The cloud were building beautifully over the California coast range. I was back from college for the weekend and itching to fly, so I grabbed my camera and hopped into one of the Fresno Sky Riders Club Cessna 150s. It was a 1963 model with the standard Continental O-200 engine, producing 100 galloping horsepower — no modifications, full fuel, calm day over the San Joaquin Valley with no updrafts. The fun weather was 60 miles to the west over the mountains. I was a skinny college kid, and 62Z took off smartly.
At the time, another young club member and I had a running competition (though not terribly serious) over who could take a 150 higher. The record was mine at that time — about 12,000 feet — because my friend was a little girthier than I. But an altitude record was not on my mind this beautiful fall 1971 day. I figured the cumulus would top out at about 8,000 or 10,000 feet, and my photo flight would be over.
Half a roll of Kodachrome slides later, the little airplane and I were at 12,000 feet, and both the clouds and Cessna’s finest trainer were still climbing nicely. I wondered if we could make it another thousand or two feet higher and seal the deal for the club altitude record. I kept climbing. By 14,000 feet I started to wonder how much higher the little airplane could go. I kept climbing: 16,000 feet, still climbing, 17,000 feet, still climbing and eking out a little more than 100 feet per minute.
At 18,000 feet, I took out my camera and set up for a shot of the panel to prove I actually made it to this altitude. I knew no one would believe me otherwise. Still ascending at 100 fpm, I steadied the camera and snapped off a shot with the altimeter now showing 18,300 feet. I was euphoric.
As I set the camera down and looked out the windscreen, I noticed something I had never seen before from the vantage point of my airplane — a Hughes Airwest DC-9 in its banana-yellow livery cruising straight and level only a few thousand feet above. I can only imagine the conversation between the captain and the first officer, if they even saw the little speck of blue-and-white Cessna below them.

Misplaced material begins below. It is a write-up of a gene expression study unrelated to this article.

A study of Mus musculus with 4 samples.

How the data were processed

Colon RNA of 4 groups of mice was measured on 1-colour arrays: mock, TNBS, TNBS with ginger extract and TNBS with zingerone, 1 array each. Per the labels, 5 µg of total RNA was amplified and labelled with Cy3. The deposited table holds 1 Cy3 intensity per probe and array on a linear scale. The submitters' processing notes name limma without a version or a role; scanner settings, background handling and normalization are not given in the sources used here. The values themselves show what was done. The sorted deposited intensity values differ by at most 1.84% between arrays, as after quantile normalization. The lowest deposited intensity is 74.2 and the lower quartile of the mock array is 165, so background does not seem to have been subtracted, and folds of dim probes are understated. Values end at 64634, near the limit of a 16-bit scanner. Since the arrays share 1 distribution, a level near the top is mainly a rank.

The sight of that airliner nudged enough rational thought back into my brain to make me decide that mixing it up with airliners was not a wise idea, and I set up a gentle descent for Chandler Field. Not, however, before pulling out the chart to write down the date, time and location where this record flight took place. I was a history major, and this flight needed to be commemorated.
There were two problems with this. First, I could not figure out where I was. The world looks a lot different at 18,000 feet than it does at a few thousand feet, and this was long before GPS took the sport out of figuring out where you are. But with an educated situational guess, I picked up my pen, which brings me to the second and bigger problem. I could not make the pen do what I wanted it to.
Hypoxia! For the first time it dawned on me that I was experiencing a lack of oxygen due to the thin air at this altitude. My poor judgment (or, more accurately, the utter lack of it) that was evident in my continuing to climb into the high teens without oxygen, the euphoria, the inability to write — it all made sense now.
I had to get down to an oxygen-rich environment, and I had to get down now. I dropped the nose to begin a descent — not fast enough. I dropped the nose a little more but kept some power to avoid shock-cooling the engine — still not fast enough. I dropped the nose a little more, speed now increasing through the yellow caution band — still dead calm over the big San Joaquin Valley and now just brushing up against the 162 mph redline. And I was still not descending fast enough. I’d better do the opposite: slow it down, ease off power, full barn door flaps down. There we go: altimeter unwinding faster, now we are at 5,000 feet and all is well. Wait! That’s 15,000 feet, not 5,000 feet!